A new book on Steely Dan is for hardcore fans. Luckily, they are legion
Quantum Criminals: Ramblers, Wild Gamblers, and Other Sole Survivors from the Songs of Steely Dan
By Alex Pappademas
University of Texas: 280 pages, $35
This might be news to the casual listener of “Do It Again” (1972), who perhaps just likes the easygoing groove and that wandering sitar solo. But “Quantum Criminals” wasn’t written for that listener. This is a book for Dan obsessives like me, who treat every track like a cryptic, jazzy short story, a Raymond Carver joint with crazy chord changes. We pore over the songs and the albums through infinite listens, enraptured by Donald Fagen and Walter Becker’s music and perhaps more puzzled by their words than we’d care to admit. Who are Chino and Daddy G. (“My Old School”)? What is that Hoops McCann guy up to (“Glamour Profession”)? And, is there gas in the car (“Kid Charlemagne”)? OK, that one actually gets answered. Yes, there’s gas in the car.
Steely Dan’s songs of monied decadence, druggy disconnection and self-destructive escapism seemed satirically extreme way back when. Now they just seem prophetic.
For us, this book is a gonzo helping of music criticism dessert, a hot fudge sundae with extra sauce. It has the same detached passion as the music it dances with. “The narrator of ‘Any Major Dude,’” Pappademas tells us, “is telling you he’s a major dude himself without coming out and saying it, because a major dude is cool and cool don’t advertise.” Or, in contextualizing the lecherously nostalgic first-person narrator of “Hey Nineteen”: ”If this song took place in 2023, the Dandy would be misty for 2010: ’Hey nineteen — that’s Katy Perry.’”
“Hey Nineteen” is actually the first Steely Dan song I remember hearing. It peaked at No. 10 on the Billboard Hot 100 chart in 1981 and was a staple of the Top 40 radio I voraciously consumed as a child. I would have been 10 when it came out. I liked it because it sounded bouncy. Then my sister, two years older and probably too wise for her age, explained that the song was about some skeezy grownup dating a teenager, using alcohol and drugs — “the Cuervo Gold, the fine Columbian” — as a sexual lubricant. My young mind could not process this information, nor could it reconcile such abhorrent adult behavior with what I was hearing on the radio. I still thought it sounded bouncy. But I was scandalized, and properly intrigued.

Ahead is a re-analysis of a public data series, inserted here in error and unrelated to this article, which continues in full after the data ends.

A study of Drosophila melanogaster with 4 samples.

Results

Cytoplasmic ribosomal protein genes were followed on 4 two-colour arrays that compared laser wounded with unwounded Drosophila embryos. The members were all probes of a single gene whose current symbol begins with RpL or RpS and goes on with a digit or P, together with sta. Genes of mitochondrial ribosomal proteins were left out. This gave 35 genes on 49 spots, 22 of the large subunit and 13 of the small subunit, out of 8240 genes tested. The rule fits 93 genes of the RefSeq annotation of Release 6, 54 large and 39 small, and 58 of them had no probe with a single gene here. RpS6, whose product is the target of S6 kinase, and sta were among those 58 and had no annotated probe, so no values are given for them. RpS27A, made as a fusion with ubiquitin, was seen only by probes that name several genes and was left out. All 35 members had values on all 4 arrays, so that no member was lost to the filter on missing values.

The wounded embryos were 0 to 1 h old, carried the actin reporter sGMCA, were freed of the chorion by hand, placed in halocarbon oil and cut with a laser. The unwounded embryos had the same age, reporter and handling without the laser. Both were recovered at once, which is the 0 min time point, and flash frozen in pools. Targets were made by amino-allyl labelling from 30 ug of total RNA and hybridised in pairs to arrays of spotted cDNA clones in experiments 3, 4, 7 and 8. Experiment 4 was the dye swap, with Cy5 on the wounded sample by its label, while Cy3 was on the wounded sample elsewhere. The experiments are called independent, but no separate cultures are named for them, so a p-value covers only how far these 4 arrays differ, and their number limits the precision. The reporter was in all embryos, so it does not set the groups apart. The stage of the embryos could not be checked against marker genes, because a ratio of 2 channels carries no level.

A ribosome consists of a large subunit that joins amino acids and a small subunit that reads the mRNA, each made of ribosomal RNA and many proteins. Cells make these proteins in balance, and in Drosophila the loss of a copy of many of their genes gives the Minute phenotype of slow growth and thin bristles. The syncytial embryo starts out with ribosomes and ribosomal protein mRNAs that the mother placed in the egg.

I couldn’t have realized at the time that “Hey Nineteen” represented a sort of Steely Dan specialty: the upbeat, even peppy account of bad human behavior. It’s a rich source of tension that reaches its apotheosis in “Everyone’s Gone to the Movies,” from the 1975 album “Katy Lied.” The song rides a Caribbean jazz lilt as it introduces us to Mr. LaPage, a grown man who passes the time showing cheap porn movies to young teenagers (“He’s always laughing, having fun/Showing his films in the den”). Ick.
Novelist John Wray’s ‘Gone to the Wolves’ tracks 1980s death metal, following three friends from a Florida backwater into L.A.’s exciting, curdling rock scene.
Here, as in many tracks, Steely Dan blurs the line between rock and literature. As Pappademas writes, “Mr. LaPage is clearly a monster, but by leaving out even a trace of condemnation and implicating themselves in the horror they’re describing, Donald and Walter are asking us to do something more than rubber-stamp the open-and-shut case that child molestation is a bad thing. It’s on us to formulate an ethical response to what we’re hearing.”
Pappademas isn’t the only Dan completist in these pages. Each chapter is accompanied by deadpan paintings from the artist Joan LeMay, character sketches to go with the character sketches. Napoleon, featured in the song “Pretzel Logic” (“I have never met Napoleon/But I plan to find the time”), is depicted in a white Steely Dan baseball cap. The El Supremo, who sits “at the top of the stairs” in “Show Biz Kids,” becomes a blank-eyed, mustachioed goon in a stained, sleeveless white undershirt. (Pappademas describes him as “the nebulously mobbed-up creep who lurks in the shadows of every rock show no matter how ostensibly communal, counting the money after closing time, and doling out some insulting fraction of it to the so-called artists”). LeMay’s creations stare back at us as we flip through Pappademas’ musings, bringing shady customers to tangible life.
Fagen, Becker (who died in 2017) and Pappademas are kindred spirits, smartass, sharp-eyed observers of life’s El Supremos — a description that suits other Dan fans as well. “Quantum Criminals” is like a secret handshake between two covers. The best part is that it illuminates details the rest of us may have glossed over for years.
Which brings us back to Jack. As Pappademas writes, “His name might not even be Jack. It might be Jack as in ‘Buddy ‘ or ‘Mac.’ Jack like the Jack who has to be told to hit the road. Jack as in ‘Chief’ or ‘Boss’ or ‘Sport.’”
“Quantum Criminals” provides a welcome excuse to spend valuable time considering such questions — and then do it again.
Vognar is a freelance writer based in Houston.